Monday, March 10, 2014


Redefining success
I sat listening as a Zulu pastor unburdened his ministry challenges. He is a well respected community leader and an excellent testimony for the Lord. God has greatly blessed his ministry. But while listening I realized something: many of his upcoming decisions could make or break the ministry. They were sink or swim.

My next thought hit me like a mortar. For so long I have been focused on the success of “my ministry”, but here was a ministry on the verge of collapse. If his ministry failed it will be a huge blow to the spread of the gospel. The most important thing I could right now was to do was lay aside “my ministry” and focus on building up “his ministry”.
By empowering this pastor, his ministry would continue to succeed long after I am gone.  It would succeed in culturally relevant ways that I never could. And if ten pastors like him could be empowered, then their success multiplies, reaching far more people than I ever could. Enduring. Culturally relevant. Multiplying.  

As we launch into Zulu pastoral training, how I define success is very important. Will I define success by what I accomplish (how many pastors I train) or by what others accomplish (seeing pastors succeed)? I realize that my thinking needed to change. I need to redefine success. I used to define success as: seeing my ministry flourish. Sure, I was happy when others succeeded, but my success was not connected to their’s. But now, as I pour all of my energies into other pastors' ministries, their success is my success.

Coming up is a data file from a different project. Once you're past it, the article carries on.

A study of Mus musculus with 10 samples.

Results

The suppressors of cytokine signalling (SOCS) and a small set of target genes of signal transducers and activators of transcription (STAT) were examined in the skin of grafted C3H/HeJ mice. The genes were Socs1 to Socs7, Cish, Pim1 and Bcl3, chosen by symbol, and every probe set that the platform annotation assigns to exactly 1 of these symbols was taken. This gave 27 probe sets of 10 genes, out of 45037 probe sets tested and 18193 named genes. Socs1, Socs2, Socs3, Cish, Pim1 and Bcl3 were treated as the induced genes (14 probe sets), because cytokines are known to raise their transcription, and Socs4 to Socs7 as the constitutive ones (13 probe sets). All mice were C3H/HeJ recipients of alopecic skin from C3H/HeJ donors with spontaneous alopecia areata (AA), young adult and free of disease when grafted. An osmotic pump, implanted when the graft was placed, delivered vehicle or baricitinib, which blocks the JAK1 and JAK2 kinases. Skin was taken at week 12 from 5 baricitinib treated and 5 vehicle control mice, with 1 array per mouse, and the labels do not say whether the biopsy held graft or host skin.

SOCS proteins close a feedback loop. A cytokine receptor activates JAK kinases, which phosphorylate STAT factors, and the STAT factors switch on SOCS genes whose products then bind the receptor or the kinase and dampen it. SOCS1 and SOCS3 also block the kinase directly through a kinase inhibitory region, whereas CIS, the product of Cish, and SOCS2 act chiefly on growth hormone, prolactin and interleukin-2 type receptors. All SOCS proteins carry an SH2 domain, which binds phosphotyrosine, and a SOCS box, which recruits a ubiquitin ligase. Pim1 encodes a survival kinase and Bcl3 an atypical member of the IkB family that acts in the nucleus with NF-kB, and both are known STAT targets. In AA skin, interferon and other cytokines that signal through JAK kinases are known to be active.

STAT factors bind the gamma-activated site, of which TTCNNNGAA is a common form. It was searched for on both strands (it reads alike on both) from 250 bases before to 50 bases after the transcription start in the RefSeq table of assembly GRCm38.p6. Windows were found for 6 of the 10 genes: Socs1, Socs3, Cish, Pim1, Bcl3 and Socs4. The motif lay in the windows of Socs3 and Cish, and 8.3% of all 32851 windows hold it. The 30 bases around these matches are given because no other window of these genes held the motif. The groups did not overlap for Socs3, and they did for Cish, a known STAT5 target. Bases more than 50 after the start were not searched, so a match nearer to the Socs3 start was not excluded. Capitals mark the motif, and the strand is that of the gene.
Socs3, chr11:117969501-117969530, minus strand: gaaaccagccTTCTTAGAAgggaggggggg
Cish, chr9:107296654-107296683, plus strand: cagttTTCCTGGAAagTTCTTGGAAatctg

Flagship vs. Submarine Ministries
To redefine success, my pride takes a direct hit. It is nice to say: "look what my ministry accomplished". There is always a strong temptation in ministry to have a flagship ministry.  Just as a naval force’s flagship is the most well known and important, a flagship ministry is the highly visible ministry that everyone sees. This is not to say that flagship ministries are wrong! They are needed. But if there is an existing flagship, a second one just gets in the way. 

In our area, more submarines are needed, not more flagships. A submarine ministry takes a different approach: empower the flagship. Just as a naval flagship has multiple submarines offering support, so submarine ministries offer support to the flagship ministry. Rarely seen. Always empowering. It exists to help the flagship succeed. That is success. 

Pray that God blesses these pastor's ministries and helps them to succeed. Pray also that I will be a faithful submarine!


Missionary Gary Strange teaching Zulu pastors


Anonymous said...

This is a lesson we all need to learn. Jesus is the the true "Flag ship".

Brian Wonn said...

Great thoughts for contemplation Kyle. Thanks for sharing them. May our Lord continue to work through you, Heather, and all the folks you are in partnership with.